Modern antitrust enforcement is no longer just concerned about consumers paying too much.
Modern antitrust enforcement is no longer just concerned about consumers paying too much. (Photographer: Justin Sullivan/Getty Images North America)

This is the latest twist in modern antitrust enforcement, which is no longer just concerned about consumers paying too much. The latest suit argues workers would have less power in a more concentrated market and that does them harm. It’s true there is more market consolidation, but it’s not clear this hurts workers (or authors). Modern antitrust often feels like a solution in search of a problem. This case is the latest example.

Increased market concentration is not limited to the publishing industry. More than 75% of U.S. industries contain fewer firms compared with the 1990s. Traditionally, when a few firms dominate an industry that means more concentrated market power and customers pay more. But concentration this time is different, consumers may pay less for many goods, including books, but there are reasons to worry that workers could be harmed. The DOJ and the Federal Trade Commission have started to take an active interest in labor market competition. And over the years quite a few economists have become concerned about increased monopsony power when there are fewer firms hiring people, which they argue holds down wages. Indeed, there is evidence suggesting that more concentrated industries have seen a bigger decline in labor’s share of income.

But before the government stops this merger (to preserve what they believe is a competitive industry that rewards diverse ideas), or pursues other deals like it, we need to understand why bigger firms are doing so well and if they actually are hurting workers. Big is not necessarily bad and the fact that labor’s share of income has fallen could just reflect a world where labor is less valuable.

The rise in market concentration didn’t arise from unchecked market power. A more likely explanation is that the world changed and the ideal market structure changed with it. A global technology-driven world created a winner-take-all economy. More global competition and the ability to reach customers all over the world offers big rewards to companies that can scale up quickly. This is in part because of network effects — your product is more valuable if lots of people use it. More users also means scale and access to data to improve your product. In this kind of market bigger firms will have some natural advantages because they will be more productive and dominate their markets. The big publishers are making a similar argument, claiming they need to merge to take advantage of the scale it would offer in order to take on Amazon.com, which is pinching publishers’ profits by lowering the price of books and getting into the publishing business itself.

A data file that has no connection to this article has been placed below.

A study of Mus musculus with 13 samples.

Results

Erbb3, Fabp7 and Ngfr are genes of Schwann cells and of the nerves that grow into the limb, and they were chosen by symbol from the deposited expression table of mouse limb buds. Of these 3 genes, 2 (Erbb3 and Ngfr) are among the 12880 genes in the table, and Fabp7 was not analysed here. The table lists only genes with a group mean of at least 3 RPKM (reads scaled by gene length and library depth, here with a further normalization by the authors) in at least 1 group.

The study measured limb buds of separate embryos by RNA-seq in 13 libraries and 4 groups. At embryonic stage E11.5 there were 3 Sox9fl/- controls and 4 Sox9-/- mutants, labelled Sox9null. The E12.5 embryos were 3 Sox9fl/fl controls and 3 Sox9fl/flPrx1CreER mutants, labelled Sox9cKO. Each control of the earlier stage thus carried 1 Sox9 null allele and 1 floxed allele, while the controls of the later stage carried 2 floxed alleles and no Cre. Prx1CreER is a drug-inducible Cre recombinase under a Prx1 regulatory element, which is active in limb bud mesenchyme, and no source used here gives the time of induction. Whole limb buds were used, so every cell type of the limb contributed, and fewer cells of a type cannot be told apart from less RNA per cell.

Reducing industry concentration will not change global economic trends or turn the clock back on technology. And it’s not necessarily true that workers need to be protected. First of all, the winner take-all firms tend to pay better. If you’re lucky enough to work for one your wages will rise faster. One study estimates that one third of the growth of income inequality comes from the difference between people who work at superstar firms (at all skill levels) and everyone else. If big firms were using their power to under-pay workers, they’d pay less, not more. Perhaps breaking them up would make big firms less productive and that would lessen the disparities across firms. But that would harm the overall economy.

Second, even if there are fewer employers on the national level, a paper from an economist at the U.S. Census estimates there are more employers at the local level. How can that be? Before, if you lived in a smallish town maybe you could only work in the local hardware store. Now there is the hardware store, the Home Depot and Lowes. What looks like more concentration nationally can mean more competition at the local level. It’s bad for small local, businesses, but better for employees because they face more demand for their work and larger companies offer more stability in addition to higher pay.

Third, in some ways workers have more power than ever. This was true even before the current labor shortages. Technology makes it possible to search and sell your services to more employers, whether it’s gig and contract work or just job-posting web sites. The market for books is one example. Authors don’t need big publishers as much as they used to. Self-publishing has become more widely accepted, and more easily done with Amazon and Substack. Social media and podcasts have leveled the playing field when it comes to book promotion (though I am very grateful to my publisher, editor, and their PR team; I would be nothing without you).

There are reasons to be concerned about concentration. It may decrease competition in some cases, but it’s not necessarily bad for workers. And if that’s a key justification for blocking the Penguin Random House/Simon and Schuster merger there are better uses of government resources.

This column does not necessarily reflect the opinion of the editorial board or Bloomberg LP and its owners.

Allison Schrager is a Bloomberg Opinion columnist. She is a senior fellow at the Manhattan Institute and author of “An Economist Walks Into a Brothel: And Other Unexpected Places to Understand Risk.”